Child Custody Order.... Should I get One?
When a child is born between two unwed parents, there is always a possibility that the parents may split up. While the relationship may end, it won’t change the fact that there is now a child in the picture who needs to be accounted for. Often times, parents are able to co-parent and reach some form of agreement as to custody, child support, and visitation.
But what happens when the parents can’t be amicable in reaching an agreement that is in the best interest of the child? It may be time for the parties to consider obtaining a court order. The court order that I speak of is called an order in Suit Affecting the Parent Child Relationship (SAPCR).
If you are co-parenting without a child custody order in place, here are some things to consider in deciding if it’s time to get a court order:
1. Contempt/Enforceable Order: Without a court order, the parties can mutually agree on child support and visitation terms. However, if the one parent stops paying child support or denies the other parent visitation with the child, there will be no consequences for the parent’s behavior. However, if there is a court order in place, in these two instances, the violating party can be held in contempt of court and subject to jail time, fines, and/or probation.
2. Geographic Restriction: Courts in Texas encourage parents to live close to each other to encourage a positive co-parenting relationship with the parties. A court order will give the non-custodial parent a piece of mind in knowing that the custodial parent whom the child primarily lives with will be prohibited from moving with the child beyond a certain county or city.
Always keep in mind, without a court order, the parent who the child lives with is free to move wherever he/she pleases. It is much easier to ask the court to issue a geographic restriction than it is to ask the court to order a party to move back after they have already relocated to a new state, city, or country.
3. Structured Visitation Schedule: The non-custodial parent will have set days to visit with the child: usually the 1st, 3rd, and 5th weekends of each month, alternating holidays, spring break, summer vacation, and more. Without a court order, the non-custodial parent is limited to visiting with the child on the other parent’s terms. Having a structured visitation schedule will minimize the confusion between parents and provide the child with more stability.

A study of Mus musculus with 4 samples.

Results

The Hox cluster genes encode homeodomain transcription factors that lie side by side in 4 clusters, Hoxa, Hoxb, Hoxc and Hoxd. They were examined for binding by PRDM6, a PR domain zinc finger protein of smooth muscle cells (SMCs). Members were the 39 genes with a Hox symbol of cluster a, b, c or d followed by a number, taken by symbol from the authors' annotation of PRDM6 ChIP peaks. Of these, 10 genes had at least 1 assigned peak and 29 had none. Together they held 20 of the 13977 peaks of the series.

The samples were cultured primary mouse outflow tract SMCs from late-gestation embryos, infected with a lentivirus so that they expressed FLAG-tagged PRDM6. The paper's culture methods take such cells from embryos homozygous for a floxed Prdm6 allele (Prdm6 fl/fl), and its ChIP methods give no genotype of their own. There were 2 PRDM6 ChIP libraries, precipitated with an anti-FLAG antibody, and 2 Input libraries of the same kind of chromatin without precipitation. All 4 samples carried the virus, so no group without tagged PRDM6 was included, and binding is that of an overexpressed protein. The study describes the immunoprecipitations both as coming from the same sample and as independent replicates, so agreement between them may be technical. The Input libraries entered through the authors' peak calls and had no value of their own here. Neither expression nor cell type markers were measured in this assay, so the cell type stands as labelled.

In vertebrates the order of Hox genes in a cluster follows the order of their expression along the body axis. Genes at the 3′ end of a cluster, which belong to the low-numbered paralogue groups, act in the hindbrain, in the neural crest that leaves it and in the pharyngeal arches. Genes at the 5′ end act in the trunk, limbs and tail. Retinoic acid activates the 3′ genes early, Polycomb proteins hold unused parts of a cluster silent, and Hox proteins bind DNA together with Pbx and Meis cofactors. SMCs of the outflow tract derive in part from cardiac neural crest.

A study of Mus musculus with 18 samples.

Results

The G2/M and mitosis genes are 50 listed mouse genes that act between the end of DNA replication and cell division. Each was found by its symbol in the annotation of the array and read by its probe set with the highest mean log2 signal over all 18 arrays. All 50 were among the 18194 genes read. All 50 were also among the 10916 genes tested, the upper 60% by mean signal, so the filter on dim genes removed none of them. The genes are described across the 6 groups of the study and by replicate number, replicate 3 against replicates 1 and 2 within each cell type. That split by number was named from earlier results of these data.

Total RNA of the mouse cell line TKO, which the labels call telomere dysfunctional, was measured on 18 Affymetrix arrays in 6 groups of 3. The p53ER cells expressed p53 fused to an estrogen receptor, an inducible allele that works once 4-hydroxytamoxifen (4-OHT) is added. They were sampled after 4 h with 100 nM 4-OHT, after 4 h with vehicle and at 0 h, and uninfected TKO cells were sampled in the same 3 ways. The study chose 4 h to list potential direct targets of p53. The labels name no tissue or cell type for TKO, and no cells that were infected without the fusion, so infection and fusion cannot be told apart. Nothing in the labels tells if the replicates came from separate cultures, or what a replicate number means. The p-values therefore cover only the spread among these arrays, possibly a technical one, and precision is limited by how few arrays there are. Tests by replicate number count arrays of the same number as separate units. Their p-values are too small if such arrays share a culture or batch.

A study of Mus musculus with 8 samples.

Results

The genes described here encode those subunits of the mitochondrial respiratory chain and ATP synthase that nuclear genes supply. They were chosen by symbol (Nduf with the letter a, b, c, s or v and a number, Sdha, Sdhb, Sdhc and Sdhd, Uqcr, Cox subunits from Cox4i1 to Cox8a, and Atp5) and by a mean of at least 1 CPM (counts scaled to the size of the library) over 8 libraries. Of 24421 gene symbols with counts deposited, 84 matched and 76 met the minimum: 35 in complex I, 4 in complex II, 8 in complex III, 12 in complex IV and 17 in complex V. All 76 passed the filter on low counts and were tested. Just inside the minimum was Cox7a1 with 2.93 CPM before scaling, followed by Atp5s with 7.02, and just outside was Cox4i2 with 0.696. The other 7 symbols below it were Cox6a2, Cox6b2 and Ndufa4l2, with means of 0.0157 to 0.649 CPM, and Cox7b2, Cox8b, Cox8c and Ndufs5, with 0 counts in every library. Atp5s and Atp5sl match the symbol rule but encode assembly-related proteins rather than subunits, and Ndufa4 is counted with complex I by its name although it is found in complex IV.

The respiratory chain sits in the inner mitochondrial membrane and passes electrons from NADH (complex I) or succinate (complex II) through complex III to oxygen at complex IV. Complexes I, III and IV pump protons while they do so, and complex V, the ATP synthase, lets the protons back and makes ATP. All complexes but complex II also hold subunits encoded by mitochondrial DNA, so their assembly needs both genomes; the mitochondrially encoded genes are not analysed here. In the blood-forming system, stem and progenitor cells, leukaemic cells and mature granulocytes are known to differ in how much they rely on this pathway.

4. Clear Explanation of your Rights and Duties: A court order will explain the rights that each parent has to the child including the right to medical and school records, consent to surgical treatment, and so much more. Additionally, the non-custodial parent’s duty to pay child support and provide medical and dental insurance will be addressed in the order as well.
5. Police Assistance: If you have been the parent whom the child has primarily lived with and you encounter a situation where the other parent refuses to give the child back to you, you will wish that you had a court order already in place. Because without a court order, the police will tell you “this is a civil matter and we cannot assist you if the other parent is the child’s father or mother.” At that point, you will have to go through the trouble of filing a lawsuit against the other parent, waiting for a hearing date, and then obtaining a court order. But if you have a court order, most police officers will assist you in peacefully getting your child back. Additionally, if you already have an order in place and the other parent won't return the child back to you, you can immediately seek the court’s help in ensuring that the child is returned to you in a quick and safe manner.
Even if you and the other parent are operating under an informal agreement and things are going well, you can have those same terms reduced to writing in an enforceable agreed court order. The last thing you want to do is find yourself in an emergency situation wishing that you had obtained a court order for your child.
If you are considering getting a court order for your child, a Houston divorce attorney at the Quander Law Firm PLLC can guide you through the process and help you strategize a plan to meet your parenting goals. Contact the Quander Law Firm PLLC by calling (832) 930-7139 or submit your contact information through our online contact form. The Quander Law Firm PLLC handles family law cases in Harris County and the surrounding counties.